The aftermath for Middle East, Japan, New Zealand hotels
So what has been the impact on the hotel business in the tumultuous Middle East and North Africa, tsunami- and nuclear-crisis-ravaged Japan, and New Zealand after the earthquake near Christchurch?
The Middle East and North Africa
As of February, net bookings in the Middle East and North Africa through August fell 85% and average daily rates declined as much as 37.2% in the region, following the rippling protests in Tunisia, Yemen, Egypt, Morocco, Bahrain, Jordan, Iran and Syria, Pegasus says.
In November and December 2010, before the unrest, bookings in the Middle East and North Africa had been climbing at more than 40% compared with the same period in 2009, but the booking-growth pace slowed to a 16.4% increase in February 2011, Pegasus says.
ADRs had been climbing at a double-digit clip, but were down 2.2% in February 2011, compared with the same month in 2010, the report says.
Reservations volumes in Japan plummeted on March 11, the day of the earthquake and tsunami.
Net reservations on March 10 had been increasing 26.1% over a year earlier, but posted triple-digit decreases on March 11, Pegasus says.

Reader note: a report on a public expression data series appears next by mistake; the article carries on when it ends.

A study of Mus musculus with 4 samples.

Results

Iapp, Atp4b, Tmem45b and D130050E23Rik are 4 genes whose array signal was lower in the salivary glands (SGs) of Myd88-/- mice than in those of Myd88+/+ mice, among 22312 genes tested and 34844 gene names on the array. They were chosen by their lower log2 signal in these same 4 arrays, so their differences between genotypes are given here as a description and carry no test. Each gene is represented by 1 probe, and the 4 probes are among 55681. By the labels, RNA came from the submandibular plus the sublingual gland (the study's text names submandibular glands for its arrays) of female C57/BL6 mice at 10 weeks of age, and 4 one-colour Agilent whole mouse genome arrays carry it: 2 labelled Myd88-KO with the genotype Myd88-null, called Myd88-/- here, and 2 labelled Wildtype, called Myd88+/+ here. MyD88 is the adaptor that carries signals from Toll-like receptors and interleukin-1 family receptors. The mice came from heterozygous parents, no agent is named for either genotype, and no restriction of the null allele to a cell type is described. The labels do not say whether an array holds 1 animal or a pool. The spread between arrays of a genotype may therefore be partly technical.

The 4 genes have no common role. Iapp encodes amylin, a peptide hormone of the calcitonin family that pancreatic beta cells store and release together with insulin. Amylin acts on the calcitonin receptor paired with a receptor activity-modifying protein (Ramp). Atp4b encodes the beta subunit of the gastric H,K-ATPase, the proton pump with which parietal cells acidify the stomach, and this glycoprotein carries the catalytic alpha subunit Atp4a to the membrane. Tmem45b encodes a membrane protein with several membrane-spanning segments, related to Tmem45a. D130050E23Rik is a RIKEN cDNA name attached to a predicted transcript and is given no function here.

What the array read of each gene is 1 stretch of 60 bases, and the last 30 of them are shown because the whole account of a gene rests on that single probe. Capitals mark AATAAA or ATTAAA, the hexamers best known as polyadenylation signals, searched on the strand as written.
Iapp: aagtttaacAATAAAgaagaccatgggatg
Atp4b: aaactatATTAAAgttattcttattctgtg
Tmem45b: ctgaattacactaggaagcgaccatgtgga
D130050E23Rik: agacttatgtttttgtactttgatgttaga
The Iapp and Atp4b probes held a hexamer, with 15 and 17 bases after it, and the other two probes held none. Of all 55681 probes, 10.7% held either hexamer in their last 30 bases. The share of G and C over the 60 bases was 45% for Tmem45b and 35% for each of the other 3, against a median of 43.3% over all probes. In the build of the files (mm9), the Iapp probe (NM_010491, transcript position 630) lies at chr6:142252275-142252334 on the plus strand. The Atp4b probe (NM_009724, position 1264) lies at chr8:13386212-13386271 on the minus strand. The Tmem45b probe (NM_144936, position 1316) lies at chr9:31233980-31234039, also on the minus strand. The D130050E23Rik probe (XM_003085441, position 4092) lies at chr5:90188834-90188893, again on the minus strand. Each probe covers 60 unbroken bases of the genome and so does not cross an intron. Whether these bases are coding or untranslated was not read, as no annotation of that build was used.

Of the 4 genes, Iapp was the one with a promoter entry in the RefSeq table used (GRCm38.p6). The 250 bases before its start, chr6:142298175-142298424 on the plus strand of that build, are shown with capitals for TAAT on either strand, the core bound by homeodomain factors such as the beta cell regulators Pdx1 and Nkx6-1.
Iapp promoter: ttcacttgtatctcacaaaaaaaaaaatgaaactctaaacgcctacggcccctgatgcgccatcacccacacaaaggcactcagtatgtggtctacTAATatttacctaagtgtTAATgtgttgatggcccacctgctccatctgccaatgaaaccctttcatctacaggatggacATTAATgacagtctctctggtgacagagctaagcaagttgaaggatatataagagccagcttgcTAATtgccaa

“Cancellations soared, causing net bookings to hit bottom by almost -300% against last year and only improving to -100% decreases a week out,” Pegasus says.
Despite the calamitous events, ADRs seem to be holding their own in Japan for now.
“ADR will often spasm during the immediate days following a disaster,” Pegasus says. “However, it appears thus far that overall deep discounting is not the plan of action for the country as a whole. Whether rates hold as part of a staid strategy or are simply untouched due to current focus on larger issues remains to be seen.”
But given the ongoing nuclear-reactor crisis, it is just too soon to tell how the hotel industry in Japan will fare.
Pegasus says “forward-looking data show no improvement in the immediate future.”
In the weeks after the 6.3-magnitude earthquake near Christchurch on Feb. 22, ADRs in New Zealand “frequently registered double-digit increases over 2010…” Pegasus says.
On the day of the quake, however, net booking volumes fell 80% in the country compared with Feb. 22, 2010, and the booking volumes registered a 35% drop by March 8, Pegasus says.
“No doubt Christchurch will need to rebuild before it is added back to travel itineraries for many travelers,” Pegasus says. “Travel to New Zealand as a whole, however, should be back to previous levels of progress soon, particularly if effective marketing plans are set in action for the country.”
Dennis Schaal was North American editor for Tnooz.